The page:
The Bahamas, or the Commonwealth of The Bahamas is made up of over 700 Islands in the Atlantic Ocean, located southeast of the US state of Florida. The islands are well known for their breathtaking white (or sometimes pink) sand beaches and the clearest aquamarine water on Earth. Starting in 2017, Save the Bays and Waterkeepers Bahamas began publishing public recreational water quality information for beaches in the Bahamas. Lots of options for recreational water activities exist at beaches in the Bahamas. Popular activities include swimming, snorkelling, diving, kite-boarding, kayaking, surfing, sport-fishing, and even shark encounters for the brave. In fact, filming of the popular shark movie happened on the island of Nassau at a beach called “Jaws Beach”.
With so many beaches in the Bahamas, it is sometimes possible to find a secluded or even private beach. The best time of year to visit is from December to May. Temperatures at this time are between 21 to 24 25°C (70-75 F), and the risk of tropical storms is low. Swimming year round is also possible however, because seawater temperatures usually stay above 25°C (80 F). Surfing occurs on the island of Eleuthera on the east coast, where amazing waves form between October and April. Kayak tours are a popular activity in the calmer waters at the east end of Gran Bahama. Here tourists have the chance to see some marine life. Snorkelling at the Andros Barrier Reef offers an up-close experience with marine life. This is the third-largest fringing barrier reef, with 2 km vertical wall. This forms a deep trench called the ‘Tongue of the Ocean’.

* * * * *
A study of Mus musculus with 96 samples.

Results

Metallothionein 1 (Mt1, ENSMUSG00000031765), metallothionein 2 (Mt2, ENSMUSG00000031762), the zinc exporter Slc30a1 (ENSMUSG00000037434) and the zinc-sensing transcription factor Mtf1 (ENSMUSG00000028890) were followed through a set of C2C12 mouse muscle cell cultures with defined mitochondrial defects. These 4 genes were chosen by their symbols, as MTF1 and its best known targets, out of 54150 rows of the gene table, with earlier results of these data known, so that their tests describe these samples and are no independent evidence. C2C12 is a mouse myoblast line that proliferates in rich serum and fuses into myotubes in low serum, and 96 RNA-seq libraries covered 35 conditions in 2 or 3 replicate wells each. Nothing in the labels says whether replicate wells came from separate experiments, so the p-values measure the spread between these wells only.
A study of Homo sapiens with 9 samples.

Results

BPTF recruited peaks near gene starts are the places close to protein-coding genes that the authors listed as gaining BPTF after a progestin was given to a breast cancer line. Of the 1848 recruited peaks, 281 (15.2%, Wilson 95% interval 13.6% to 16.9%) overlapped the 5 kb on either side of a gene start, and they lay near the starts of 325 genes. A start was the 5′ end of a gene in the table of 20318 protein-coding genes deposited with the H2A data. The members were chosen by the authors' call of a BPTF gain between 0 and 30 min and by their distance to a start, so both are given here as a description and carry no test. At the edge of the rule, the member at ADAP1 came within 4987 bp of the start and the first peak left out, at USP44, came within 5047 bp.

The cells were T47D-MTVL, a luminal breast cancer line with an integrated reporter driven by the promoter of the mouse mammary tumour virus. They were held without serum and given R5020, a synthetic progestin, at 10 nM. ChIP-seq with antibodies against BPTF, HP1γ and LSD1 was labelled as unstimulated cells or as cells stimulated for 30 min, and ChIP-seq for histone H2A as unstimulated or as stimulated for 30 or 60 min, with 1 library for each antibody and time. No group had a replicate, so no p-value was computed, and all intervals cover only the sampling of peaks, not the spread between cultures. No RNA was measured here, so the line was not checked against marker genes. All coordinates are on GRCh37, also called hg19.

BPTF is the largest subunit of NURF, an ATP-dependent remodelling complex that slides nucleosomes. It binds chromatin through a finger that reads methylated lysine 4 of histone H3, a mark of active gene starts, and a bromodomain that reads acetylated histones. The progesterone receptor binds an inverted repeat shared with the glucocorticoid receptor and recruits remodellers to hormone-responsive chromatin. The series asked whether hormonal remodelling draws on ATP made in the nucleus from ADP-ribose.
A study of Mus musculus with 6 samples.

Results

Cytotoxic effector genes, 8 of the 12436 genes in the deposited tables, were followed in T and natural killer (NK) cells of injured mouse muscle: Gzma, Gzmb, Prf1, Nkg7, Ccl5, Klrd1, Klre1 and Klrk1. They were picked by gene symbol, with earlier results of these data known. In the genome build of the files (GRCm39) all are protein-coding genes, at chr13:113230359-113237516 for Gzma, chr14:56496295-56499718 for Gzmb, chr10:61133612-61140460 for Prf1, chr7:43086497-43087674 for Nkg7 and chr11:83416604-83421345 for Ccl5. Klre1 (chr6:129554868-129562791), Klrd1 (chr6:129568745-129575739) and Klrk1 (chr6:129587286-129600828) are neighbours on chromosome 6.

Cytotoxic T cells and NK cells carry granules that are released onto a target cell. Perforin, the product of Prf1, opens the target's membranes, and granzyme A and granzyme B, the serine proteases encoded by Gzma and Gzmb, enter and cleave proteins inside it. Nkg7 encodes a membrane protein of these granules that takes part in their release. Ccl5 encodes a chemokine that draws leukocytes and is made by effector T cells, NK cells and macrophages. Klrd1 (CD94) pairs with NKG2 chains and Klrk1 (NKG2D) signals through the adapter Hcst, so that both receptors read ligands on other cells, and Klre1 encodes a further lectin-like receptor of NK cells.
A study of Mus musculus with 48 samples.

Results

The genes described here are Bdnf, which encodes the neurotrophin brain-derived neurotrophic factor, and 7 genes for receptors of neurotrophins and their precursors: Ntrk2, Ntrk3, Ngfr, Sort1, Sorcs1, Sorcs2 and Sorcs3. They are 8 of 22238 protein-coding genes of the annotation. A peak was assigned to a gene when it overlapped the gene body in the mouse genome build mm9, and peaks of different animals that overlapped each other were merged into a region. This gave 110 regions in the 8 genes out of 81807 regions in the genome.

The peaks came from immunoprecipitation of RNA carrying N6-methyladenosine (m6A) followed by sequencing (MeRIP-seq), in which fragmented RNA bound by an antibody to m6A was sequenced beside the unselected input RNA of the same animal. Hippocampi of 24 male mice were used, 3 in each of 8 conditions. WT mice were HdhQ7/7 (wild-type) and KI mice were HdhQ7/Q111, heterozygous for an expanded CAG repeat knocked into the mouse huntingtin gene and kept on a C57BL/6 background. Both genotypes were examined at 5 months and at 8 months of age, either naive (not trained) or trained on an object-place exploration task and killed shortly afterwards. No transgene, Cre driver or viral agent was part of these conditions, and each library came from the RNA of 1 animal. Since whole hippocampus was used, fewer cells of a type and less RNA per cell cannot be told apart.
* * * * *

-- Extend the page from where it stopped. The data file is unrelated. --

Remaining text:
Seagrass meadows in the Bahamas are an important ecosystem for their ocean beaches. They are the only flowering plant in the ocean, and grow only in shallow, sunlit water along protected coasts. The roots of the seagrasses hold the loose sandy or muddy ocean floor and trap floating debris in the ocean water. Because of this, the coastal ocean waters in the Bahamas are generally clear. Animals in the region use the seagrass meadows for food and shelter, including the endangered Green Turtles and Manatees.
The Bahamas is also home to the amazing mangrove ecosystems. Like the beach, mangroves are a place where the land and ocean meet. Mangroves are important for the ocean, because they help feed close-by coral reefs. They provide a home to many animals in the Bahamas, like land crabs, crawfish, birds, and even bats. The ocean environment benefits from mangroves, because they help trap pollutants washed from land. Without the mangroves these pollutants would go directly into the ocean, and would negatively affect beach water quality and nearby coral reefs. Unlike many other places in the world, mangroves are not legally protected in The Bahamas.
Seagrass meadows, mangroves, and coral reefs in the Bahamas are disappearing because of human activities. Coastal development, boating, commercial fishing, tourism, and climate change in this region negatively impacts these environments. This not only risks the quality of recreational beaches and ocean water, but also the connected ocean ecosystems in the region.